During the afternoon of June 10, a group of protesters pulled down a statue of Christopher Columbus on the grounds of the Minnesota State Capitol in St. Paul. John Harrington, commissioner of the Minnesota Department of Public Safety, said that officials were aware of the plan to remove the statue. And yet no action was taken to block the protesters from dragging it down.
That evening, Lt. Gov. Peggy Flanagan was recorded saying, “I can’t say I’m sad the statue of Christopher Columbus is gone. I’m not.” A descendent of the White Earth Band of Ojibwe, Flanagan has written that to her, the statue of Columbus was “a constant reminder that our systems were not built by or for Native people or people of color, but in many cases, to exclude, erase, and eliminate us.”
Minnesota’s 2018 Republican Lt Gov candidate Donna Bergstrom (pictured above left), an enrolled member of the Red Lake Band of Chippewa Indians, has recently responded:
“Peggy Flanagan is one of the Governor’s top advisors, and yet she disdains proper protocols. It is deeply disheartening that she displays a complete lack of regard for law and order and excuses anarchy. Those are not values of a traditional Ojibwe woman. A true Ojibwe woman would know that the seven Grandfather teachings require her to be better than this.”
A group of Native Americans, of which Donna Bergstrom is a part, also strongly differs with Flanagan. The prospective American Indian Republican Affiliate group plans to issue the following statement:
“When Lt Gov Flanagan publicly stated she would “not shed a tear” about the Christopher Columbus statute being gone, albeit from destruction, she was displaying the same ignorance and intolerance that she proclaims to oppose. The desecration of monuments reflects the very negative characteristics that those destroying monuments are supposed to oppose.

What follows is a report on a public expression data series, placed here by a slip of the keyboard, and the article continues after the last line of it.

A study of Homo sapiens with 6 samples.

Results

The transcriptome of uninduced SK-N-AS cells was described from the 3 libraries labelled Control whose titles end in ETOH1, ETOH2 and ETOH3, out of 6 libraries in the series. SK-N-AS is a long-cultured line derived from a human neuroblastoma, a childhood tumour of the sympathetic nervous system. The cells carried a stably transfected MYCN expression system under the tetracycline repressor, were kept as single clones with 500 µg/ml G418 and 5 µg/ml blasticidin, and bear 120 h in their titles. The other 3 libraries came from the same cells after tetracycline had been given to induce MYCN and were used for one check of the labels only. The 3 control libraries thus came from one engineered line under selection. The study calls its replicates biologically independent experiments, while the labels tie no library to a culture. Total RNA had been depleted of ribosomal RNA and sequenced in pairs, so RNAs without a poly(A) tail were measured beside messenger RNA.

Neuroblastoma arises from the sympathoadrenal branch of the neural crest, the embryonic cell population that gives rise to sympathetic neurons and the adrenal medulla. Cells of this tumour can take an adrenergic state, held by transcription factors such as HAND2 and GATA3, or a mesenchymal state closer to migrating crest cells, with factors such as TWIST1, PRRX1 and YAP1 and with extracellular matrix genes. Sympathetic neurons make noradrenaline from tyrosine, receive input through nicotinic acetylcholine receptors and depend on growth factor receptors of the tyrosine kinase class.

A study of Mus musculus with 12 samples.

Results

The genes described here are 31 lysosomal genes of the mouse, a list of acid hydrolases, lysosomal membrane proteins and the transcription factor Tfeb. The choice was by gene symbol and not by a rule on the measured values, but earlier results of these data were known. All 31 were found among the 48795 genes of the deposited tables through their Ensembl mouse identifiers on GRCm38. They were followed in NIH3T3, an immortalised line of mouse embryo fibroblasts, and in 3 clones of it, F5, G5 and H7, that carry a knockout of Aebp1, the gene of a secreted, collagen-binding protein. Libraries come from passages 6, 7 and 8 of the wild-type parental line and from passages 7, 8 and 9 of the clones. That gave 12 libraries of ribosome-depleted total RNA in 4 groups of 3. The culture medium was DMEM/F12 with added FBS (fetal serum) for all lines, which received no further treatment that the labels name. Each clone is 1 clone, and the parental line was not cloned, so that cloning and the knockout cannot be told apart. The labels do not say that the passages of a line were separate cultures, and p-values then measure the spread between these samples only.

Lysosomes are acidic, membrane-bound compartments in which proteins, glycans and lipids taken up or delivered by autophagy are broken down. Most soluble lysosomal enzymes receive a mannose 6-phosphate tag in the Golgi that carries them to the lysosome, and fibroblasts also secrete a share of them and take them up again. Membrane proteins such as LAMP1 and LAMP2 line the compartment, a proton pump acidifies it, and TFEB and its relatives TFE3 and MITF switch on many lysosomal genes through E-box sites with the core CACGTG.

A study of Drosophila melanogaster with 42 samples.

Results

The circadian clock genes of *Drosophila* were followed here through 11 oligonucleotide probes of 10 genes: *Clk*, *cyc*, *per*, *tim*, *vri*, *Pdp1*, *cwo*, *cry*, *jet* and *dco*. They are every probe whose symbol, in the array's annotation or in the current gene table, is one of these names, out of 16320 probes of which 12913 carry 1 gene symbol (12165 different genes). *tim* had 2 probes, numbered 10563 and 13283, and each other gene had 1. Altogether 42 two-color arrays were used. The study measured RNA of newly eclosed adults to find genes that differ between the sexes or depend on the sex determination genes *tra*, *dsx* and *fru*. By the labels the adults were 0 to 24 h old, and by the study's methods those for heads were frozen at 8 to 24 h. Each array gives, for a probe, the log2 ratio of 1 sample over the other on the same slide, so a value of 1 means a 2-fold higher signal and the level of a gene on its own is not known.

“History cannot be unwritten but it can be instructive. European colonialism has to be understood in its proper historical context. That does not mean we have to worship it or use it to keep others repressed. It is a chapter of our history. Just as we should not burn books, we should not rush to destroy our history. The destruction of the Columbus statue was a kick in the gut to those of us who respect that diversity, the character, the brilliance of this our United States.”
LT Gov Flanagan missed another opportunity on July 26th during the opening of the Missing and Murdered Person Cold Case office in Bloomington. The office is part of the Operation Lady Justice Task Force created by Executive Order of President Trump, and is the first of seven to open.
First Daughter Ivanka Trump, along with Interior Secretary Bernhardt and Assistant Secretary-Indian Affairs Tara Sweeney, presided in a ceremonial ribbon cutting for the office’s opening. Ms. Trump (pictured here with Donna Bergstrom) was given a ceremonial key to the office. Bergstrom, as a Red Lake elder, was one of a small group of Tribal representatives from the area who attended the office opening.
Bergstrom posted on FB, “Ivanka Trump helping bring the message of the Trump administration that Operation Lady Justice will bring focus, attention and resources to solving the Missing and Murdered Indigenous people crisis. So great to have a President who will give this issue attention." Bergstrom is currently running as the endorsed Republican candidate for State Senate 7, Duluth.